Wednesday, September 06, 2006

Why Government Should Not Give Entitlements, Volume MCMXVIII

The Daily Mail profiles the overnight millionaires who are the 9/11 widows, a case-in-point to why the government should just keep its nose out of people's lives. The government is inherently unable to fix anything:

During the feverish days following the attack, Congress established a billion- dollar compensation fund, and grieving wives became overnight millionaires.

No one could have known that for many of them, the money would destroy their lives once again, attracting jealousy, resentful relatives and making them even more depressed. Some would become squandering, spendaholic widows, their payouts fuelling addictions which could not replace the husbands they had lost. Others would become embroiled in legal battles with their families, their lives eaten up by bitterness.

The phrase "I'm from the government, I'm here to help" should be the one thing that scares any American over the horizon. Why isn't the nutroots movement hollering about these entitlements as opposed to Bush's tax cuts for the rich?
The dependants of cleaners through to stockbrokers received between $250,000 and $7 million. The average award was $1.6 million - tax-free - but the widows of high-earners became instant multi-millionaires.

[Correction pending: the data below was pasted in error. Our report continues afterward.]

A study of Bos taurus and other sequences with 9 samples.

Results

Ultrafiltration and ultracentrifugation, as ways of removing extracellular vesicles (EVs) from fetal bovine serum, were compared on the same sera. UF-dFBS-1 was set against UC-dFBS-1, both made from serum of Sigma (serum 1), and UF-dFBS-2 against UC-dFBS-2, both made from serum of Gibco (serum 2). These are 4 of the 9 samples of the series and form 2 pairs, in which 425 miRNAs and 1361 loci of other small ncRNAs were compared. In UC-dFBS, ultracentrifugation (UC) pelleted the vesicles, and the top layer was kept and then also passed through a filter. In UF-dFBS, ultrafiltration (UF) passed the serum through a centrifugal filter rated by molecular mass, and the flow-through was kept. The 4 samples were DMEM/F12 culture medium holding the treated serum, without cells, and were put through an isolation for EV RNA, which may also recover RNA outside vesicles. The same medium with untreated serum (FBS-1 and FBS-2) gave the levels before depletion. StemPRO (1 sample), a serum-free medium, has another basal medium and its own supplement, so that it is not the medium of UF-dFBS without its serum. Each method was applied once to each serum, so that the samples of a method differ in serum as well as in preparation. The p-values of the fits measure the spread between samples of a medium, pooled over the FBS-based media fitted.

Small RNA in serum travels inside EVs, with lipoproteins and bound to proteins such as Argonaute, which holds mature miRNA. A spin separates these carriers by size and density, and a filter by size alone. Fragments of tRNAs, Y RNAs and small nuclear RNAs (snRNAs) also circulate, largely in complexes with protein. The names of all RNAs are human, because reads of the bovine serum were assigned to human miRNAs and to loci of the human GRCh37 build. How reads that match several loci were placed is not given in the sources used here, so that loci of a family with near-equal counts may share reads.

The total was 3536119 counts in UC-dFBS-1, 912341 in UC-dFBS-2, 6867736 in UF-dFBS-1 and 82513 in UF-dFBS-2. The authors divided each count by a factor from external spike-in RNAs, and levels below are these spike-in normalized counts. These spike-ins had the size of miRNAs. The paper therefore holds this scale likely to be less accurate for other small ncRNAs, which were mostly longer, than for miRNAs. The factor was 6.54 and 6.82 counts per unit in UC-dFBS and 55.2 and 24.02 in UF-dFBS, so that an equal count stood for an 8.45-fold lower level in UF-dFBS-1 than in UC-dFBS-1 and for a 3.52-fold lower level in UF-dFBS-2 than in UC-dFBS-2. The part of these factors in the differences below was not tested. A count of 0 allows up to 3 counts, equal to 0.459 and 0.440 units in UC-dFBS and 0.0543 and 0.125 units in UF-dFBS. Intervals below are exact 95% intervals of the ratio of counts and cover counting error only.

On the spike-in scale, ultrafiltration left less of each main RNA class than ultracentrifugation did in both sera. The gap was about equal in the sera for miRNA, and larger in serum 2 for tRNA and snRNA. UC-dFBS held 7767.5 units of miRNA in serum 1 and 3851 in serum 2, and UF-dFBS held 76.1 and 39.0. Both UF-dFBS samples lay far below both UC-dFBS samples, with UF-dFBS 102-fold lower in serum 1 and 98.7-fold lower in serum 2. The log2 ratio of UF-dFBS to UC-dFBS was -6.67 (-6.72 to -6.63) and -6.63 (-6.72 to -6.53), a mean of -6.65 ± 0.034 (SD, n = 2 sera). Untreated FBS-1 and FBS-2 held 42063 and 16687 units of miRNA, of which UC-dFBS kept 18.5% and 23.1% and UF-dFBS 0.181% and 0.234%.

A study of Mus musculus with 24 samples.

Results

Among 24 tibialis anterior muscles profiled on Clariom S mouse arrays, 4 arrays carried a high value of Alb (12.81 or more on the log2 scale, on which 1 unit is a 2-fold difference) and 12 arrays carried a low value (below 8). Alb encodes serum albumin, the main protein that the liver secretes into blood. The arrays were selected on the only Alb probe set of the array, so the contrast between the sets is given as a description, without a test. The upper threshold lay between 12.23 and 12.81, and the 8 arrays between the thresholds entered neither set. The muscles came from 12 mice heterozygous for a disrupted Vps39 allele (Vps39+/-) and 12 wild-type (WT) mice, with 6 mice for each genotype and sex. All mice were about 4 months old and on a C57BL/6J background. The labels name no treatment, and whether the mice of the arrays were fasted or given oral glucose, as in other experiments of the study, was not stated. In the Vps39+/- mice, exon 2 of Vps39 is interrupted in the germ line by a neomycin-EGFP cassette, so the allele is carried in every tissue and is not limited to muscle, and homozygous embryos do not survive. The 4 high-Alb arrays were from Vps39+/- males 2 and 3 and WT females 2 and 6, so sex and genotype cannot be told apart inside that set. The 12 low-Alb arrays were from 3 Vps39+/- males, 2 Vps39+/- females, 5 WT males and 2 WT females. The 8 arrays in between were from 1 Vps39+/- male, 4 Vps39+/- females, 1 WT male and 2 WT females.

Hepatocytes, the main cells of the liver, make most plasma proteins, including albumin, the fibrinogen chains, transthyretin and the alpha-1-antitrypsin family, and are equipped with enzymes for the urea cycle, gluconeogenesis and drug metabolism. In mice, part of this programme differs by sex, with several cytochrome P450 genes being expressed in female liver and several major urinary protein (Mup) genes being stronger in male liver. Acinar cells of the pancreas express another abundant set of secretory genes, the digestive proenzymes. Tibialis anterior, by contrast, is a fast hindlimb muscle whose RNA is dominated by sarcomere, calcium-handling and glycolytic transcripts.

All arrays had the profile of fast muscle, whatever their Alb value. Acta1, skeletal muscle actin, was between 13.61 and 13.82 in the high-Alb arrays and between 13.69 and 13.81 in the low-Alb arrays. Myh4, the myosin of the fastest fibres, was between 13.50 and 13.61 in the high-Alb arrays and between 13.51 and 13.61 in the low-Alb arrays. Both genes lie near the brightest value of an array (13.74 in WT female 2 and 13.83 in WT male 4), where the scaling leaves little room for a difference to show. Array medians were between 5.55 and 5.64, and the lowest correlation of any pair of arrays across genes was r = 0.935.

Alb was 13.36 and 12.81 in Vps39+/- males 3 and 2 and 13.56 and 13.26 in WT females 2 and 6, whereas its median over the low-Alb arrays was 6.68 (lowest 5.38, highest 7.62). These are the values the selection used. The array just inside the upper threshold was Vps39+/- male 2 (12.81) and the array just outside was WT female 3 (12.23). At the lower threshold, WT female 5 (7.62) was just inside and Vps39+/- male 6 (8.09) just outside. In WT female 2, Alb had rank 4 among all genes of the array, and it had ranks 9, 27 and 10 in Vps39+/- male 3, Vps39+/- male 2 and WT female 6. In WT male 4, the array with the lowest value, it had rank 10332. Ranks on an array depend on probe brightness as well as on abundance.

Those who willingly accepted the compensation also found that it brought little solace. Kathy Trant made national news headlines when her spending spree turned her into a celebrity. An attractive blonde, she has reportedly spent $5 million in the past five years, including £300,000 on designer shoes, £1,000 on Botox injections for friends and thousands of dollars on breast enlargement surgery.

'I'm dying inside,' she says. 'Every day when I read something that really bothers me I get so frustrated I go out and I shop because it's the only thing that makes me feel good.' She is battling depression and facing an uncertain future with her children Jessica, 23, Daniel, 17, and 14-yearold Alex.

Another woman's story captured the public imagination for different reasons. When Madeleine Bergin's husband, John, died in the 9/11 attack, she became a fireman's widow.

She received a million-dollar payout, and married her liaison officer and John's best friend in the fire service, Jerry Koenig, who left his wife, Mary, for her after ten years of marriage.

I wish I could get on a multi-million dollar gravy train so I could feel good. This whole thing disgusts me.